Conference Call: Citizenship, Identity and Political Partici...
Conference Call: Citizenship, Identity and Political Participation: Measuring the Attitudes of the Arab Citizens in Israel | A Konrad Adenauer Program / Moshe Dayan Center SurveyMar 21, 2018 12:00pm
How do Arab citizens of Israel experience of Israeli citizenship? Arab citizens make up nearly 21% of Israel's population, yet are significantly underrepresented in all of Israel's major economic streams and societal institutions. Though increasing efforts are being made by Jewish and Arab leaders in Israel to improve Arab socio-economic participation, barriers remain high, gaps remain large, and majority-minority relations fluctuate.
Given these realities, how do Arab citizens today view issues of equality and belonging in Israel? What are the biggest daily concerns of Arab citizens, and do they view civic and political participation as a means of addressing them? Recently, the Konrad Adenauer Program for Jewish-Arab Cooperation (KAS) published findings of a 2017 survey on measuring Arab attitudes on citizenship, identity and political participation in Israel.
Join us for a conference call briefing on these findings and Arab experience of of Israeli civic identity and belonging with KAS project manager, Arik Rudnitzky, andMohammad Darawshe, from Givat Haviva Center for Shared Society in Israel.
March 21st - 12:00 PM ET
Call-in details provided upon RSVP
Arik Rudnitzky serves as Project Manager of Tel Aviv University's Konrad Adenauer Program for Jewish-Arab Cooperation, at the Moshe Dayan Center for Middle Eastern and African Studies. He holds MA (magna cum laude) and BA degrees in Middle Eastern History from the Faculty of Humanities and an MBA degree from the Faculty of Management, both at Tel Aviv University. Mr. Rudnitzky has been studying Israeli Arabs issues for more than a decade. His fields of expertise cover political, national and social developments in the Arab society in Israel, as well as government policies on Arabs in Israel.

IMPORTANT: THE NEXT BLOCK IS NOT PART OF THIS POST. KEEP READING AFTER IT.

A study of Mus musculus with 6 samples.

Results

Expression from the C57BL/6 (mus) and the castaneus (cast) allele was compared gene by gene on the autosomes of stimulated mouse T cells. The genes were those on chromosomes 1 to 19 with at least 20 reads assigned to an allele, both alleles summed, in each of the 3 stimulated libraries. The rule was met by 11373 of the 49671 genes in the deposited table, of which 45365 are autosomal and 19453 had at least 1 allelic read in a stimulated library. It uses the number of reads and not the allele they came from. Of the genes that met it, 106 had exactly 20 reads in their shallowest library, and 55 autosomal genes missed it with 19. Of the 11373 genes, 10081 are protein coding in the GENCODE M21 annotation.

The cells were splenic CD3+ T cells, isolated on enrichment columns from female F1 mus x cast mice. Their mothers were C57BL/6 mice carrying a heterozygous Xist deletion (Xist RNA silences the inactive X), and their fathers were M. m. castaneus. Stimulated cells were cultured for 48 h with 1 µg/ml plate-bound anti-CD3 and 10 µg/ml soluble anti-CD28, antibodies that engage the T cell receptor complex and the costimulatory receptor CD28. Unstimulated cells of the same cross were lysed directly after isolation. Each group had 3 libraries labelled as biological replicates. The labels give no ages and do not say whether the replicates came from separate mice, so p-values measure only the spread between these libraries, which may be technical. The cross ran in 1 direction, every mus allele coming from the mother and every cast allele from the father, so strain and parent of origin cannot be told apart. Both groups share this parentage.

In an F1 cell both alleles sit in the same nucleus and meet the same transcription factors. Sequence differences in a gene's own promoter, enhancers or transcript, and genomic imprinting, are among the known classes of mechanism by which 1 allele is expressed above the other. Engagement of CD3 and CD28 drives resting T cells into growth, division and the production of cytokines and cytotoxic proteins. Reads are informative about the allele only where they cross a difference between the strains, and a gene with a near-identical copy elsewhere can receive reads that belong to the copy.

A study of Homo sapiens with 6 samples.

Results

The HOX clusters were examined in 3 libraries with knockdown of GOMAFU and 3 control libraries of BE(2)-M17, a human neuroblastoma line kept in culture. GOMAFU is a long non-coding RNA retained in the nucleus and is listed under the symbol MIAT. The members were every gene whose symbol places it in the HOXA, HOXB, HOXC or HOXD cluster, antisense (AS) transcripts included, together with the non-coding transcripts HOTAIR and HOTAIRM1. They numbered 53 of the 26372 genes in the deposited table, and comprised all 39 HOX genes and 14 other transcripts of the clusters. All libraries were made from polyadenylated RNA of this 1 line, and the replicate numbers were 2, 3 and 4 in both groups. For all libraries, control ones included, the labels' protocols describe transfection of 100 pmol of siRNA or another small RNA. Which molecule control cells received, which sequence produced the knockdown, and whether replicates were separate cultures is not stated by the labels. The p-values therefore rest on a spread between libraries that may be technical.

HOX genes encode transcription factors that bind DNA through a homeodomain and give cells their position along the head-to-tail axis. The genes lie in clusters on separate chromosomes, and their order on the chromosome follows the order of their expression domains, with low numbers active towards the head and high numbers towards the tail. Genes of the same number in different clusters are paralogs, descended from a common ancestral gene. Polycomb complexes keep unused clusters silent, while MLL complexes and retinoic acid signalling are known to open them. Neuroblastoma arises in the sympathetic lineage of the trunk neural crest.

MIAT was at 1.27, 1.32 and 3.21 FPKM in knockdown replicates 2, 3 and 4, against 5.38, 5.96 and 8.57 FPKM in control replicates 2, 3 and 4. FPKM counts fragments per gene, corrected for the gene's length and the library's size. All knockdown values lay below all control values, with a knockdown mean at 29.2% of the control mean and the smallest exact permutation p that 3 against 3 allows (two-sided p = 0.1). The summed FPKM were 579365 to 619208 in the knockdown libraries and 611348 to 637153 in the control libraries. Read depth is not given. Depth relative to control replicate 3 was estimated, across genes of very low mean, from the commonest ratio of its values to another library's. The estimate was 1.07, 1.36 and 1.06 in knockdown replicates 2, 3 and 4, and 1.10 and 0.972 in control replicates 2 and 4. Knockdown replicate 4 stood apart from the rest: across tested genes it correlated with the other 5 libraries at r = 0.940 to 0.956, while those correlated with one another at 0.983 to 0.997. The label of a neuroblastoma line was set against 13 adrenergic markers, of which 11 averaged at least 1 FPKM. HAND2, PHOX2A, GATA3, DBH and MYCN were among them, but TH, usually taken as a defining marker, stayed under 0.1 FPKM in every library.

Mohammad Darawshe has been the Director of the Center for Equality and Shared Society at Givat Haviva since 2014 (as well as between 2000 and 2005). He is also a Member of the Three-sector Roundtable at the Prime Minister's office and the Strategic Planning Team Authority for Economic Development of Minorities Sector. He previously was Co-Director of the Abraham Fund Initiatives (2005-13), an elected Council Member of his hometown Iksal (2008-2013) as well as Elections Campaign Manager for the Democratic Arab Party/United Arab List (1992-2000). In 2009 he served as a member of the National Committee which drafted a landmark Coexistence Education Policy. From 1986 to 1992, he was Program Director at Legacy International in Washington D.C. after having served as Parliamentary Assistant in the Knesset from 1984 to 1986. Mohammad holds Master’s Degrees in Peace & Conflict Management from Haifa University and in Public Administration from Hartford University, as well as Bachelor’s Degrees in English & Political Science from Hebrew University and in Multi-Disciplinary Political Science from Emek Yizrael College. Mohammad’s lectures and papers have been delivered at the European Parliament, NATO Defense College, the World Economic Forum, Club de Madrid, US Congress, the Herzlia Conference, and Israel's Presidential Conference. Mohammad is currently a Richard von Weizsäcker Fellow at the Robert Bosch Academy and a Shalom Hartman Institute Fellow. He is the recipient of the Peacemakers Award from the Catholic Theological Union, the Peace and Security Award from the World Association of NGOs, as well as the Leadership Fellow of the New Israel Fund. Mohammad frequently appears on Arab Satellite TV news programs analyzing current Israeli political and social trends.